While there was a glimmer of hope, with a decrease in the number of new cases of COVID-19 in the county dropping from July 5 through July 11, "we're still in disaster levels," according to Kim Repp, Washington County chief epidemiologist.
"We have this nice little drop that's the 11% drop they're showing," said Repp. "Woohoo. We're still at an astronomical number of cases and I can tell you, we have, this week alone, we've already jumped above the highest (number of cases so far). It's going to be back up next time."
Repp said she doesn't believe the downtrend in cases will continue, predicting cases will increase next week in Washington County.
She said what makes her nervous is the number of sporadic cases, cases where officials can't find the source of their exposure.
"It's gone up every single week since we've went into Phase 1 and that indicates more community-wide spread," Repp said. "It should be, worst case scenario, it should be 30%."
Since Feb. 28, Washington County has 2,238 confirmed cases of COVID-19, 70 presumptive cases, 199 hospitalizations and 22 deaths, said Repp. (The latest Washington County death occurred Tuesday morning.)
Honestly, it doesn't look good and I am relieved our commissioners (are saying) 'We're failing Phase 1, we shouldn't be talking about Phase 2.'"
Meanwhile, Marni Kuyl, Washington County's health and human services director, spoke to the July 16 meeting of the Westside Economic Alliance about how the county is doing during COVID-19 and the most recent directive from Gov. Kate Brown requiring face coverings not only in all indoor facilities but also in outdoor settings if people are unable to maintain an adequate physical distance. That, she said, has led to the question of what constitutes a public space.
"What I can tell you as a public health professional and from a public health perspective, my answer is, 'If it's not your home, it's in the public,' and so from a public health perspective, we're really trying to encourage people to wear face coverings anytime they're outside of their home, (or) if they're outside of their home and they can't maintain physical distancing, to wear a mask as well," she said.
At the same time, the health department is aiding the Washington County business community, informing more than 100 businesses every other week about COVID-19 updates via phone.
In addition, she said the health officials are trying to educate those businesses that aren't following guidelines, such as not requiring customers to wear masks or other violations, saying the focus is on support rather than enforcement.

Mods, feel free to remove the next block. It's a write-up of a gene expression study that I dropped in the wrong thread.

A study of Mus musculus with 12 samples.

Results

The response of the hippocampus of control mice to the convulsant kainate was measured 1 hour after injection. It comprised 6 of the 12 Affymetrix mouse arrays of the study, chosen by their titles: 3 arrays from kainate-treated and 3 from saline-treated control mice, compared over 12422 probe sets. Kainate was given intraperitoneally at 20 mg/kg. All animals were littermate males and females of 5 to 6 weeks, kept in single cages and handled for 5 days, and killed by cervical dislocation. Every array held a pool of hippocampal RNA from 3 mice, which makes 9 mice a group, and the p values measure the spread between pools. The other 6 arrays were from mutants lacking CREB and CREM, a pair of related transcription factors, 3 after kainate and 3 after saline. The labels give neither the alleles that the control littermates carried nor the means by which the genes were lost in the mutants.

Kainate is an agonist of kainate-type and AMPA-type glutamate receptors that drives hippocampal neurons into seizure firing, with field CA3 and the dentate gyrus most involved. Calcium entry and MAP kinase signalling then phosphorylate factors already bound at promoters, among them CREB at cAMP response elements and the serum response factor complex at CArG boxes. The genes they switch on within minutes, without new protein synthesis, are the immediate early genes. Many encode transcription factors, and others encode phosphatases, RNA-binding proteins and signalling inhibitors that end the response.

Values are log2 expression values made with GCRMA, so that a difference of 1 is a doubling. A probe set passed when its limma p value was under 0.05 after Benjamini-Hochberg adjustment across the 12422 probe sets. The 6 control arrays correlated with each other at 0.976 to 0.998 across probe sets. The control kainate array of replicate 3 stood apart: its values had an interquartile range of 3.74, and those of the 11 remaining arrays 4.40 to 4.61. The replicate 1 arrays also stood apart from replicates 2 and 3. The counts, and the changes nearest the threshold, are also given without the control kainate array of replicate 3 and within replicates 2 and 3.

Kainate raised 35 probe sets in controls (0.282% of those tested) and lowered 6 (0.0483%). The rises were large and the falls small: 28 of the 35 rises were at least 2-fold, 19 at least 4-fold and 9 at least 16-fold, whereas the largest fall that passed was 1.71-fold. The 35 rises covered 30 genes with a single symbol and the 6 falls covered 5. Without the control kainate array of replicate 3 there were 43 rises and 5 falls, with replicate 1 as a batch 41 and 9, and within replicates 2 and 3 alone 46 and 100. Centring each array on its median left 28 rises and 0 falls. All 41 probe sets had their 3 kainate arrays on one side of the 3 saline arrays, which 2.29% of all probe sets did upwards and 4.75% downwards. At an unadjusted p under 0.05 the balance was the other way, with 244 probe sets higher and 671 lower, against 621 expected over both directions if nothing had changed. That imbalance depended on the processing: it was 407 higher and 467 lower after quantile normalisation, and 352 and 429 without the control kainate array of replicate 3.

"We have been receiving, on average, about 62 complaints per week, and we work through that and also work with OSHA and other state organizations," she said. "So what we do when a violation is reported to us is we contact the business by phone, we have a conversation (and) 99.5% of the time we just talk through what the violation or complaint was. We provide education."
That has meant issuing some letters but no fines to date.
At the same time, she said the county has used teams who go out to work with homeless populations and migrant camps to ensure testing, provide personal protection equipment and work on finding individuals increased housing as well.
Also at Thursday's meeting was Ken Williamson, Clean Water Services' research and innovation director, who said his agency has undertaken a major research project to track the coronavirus in wastewater, a process known as "sewershed surveillance."
"Sewershed surveillance has been around for a long time," Williamson explained. "People have used it for other diseases. It had its primary initiation in following polio viruses in wastewater."
The detection system is coming back into vogue, he explained, saying it's possible to track positive cases of the virus by detecting a specific molecule in concentrated wastewater.
"That's physically possible because as your body reacts to the virus infection by actually killing the cells that are infected by the virus, your lymphatic system … expels those cells from your body, and many of those cells are expelled in your feces," said Williamson. "And so if we look for the RNA signal of the virus in your feces, you actually find it."
From there, it's possible to isolate the general location where the wastewater is coming from although it's not possible to tell if a person is infectious or not, he said. Ultimately, it allows health officials to estimate how many new cases might be coming its way.
The cost to Clean Water Services to detect COVID-19 in a treatment plant from a specific city runs around $100 per day, Williamson said, compared to the cost of swabbing a person to check for the disease, which also costs about $100.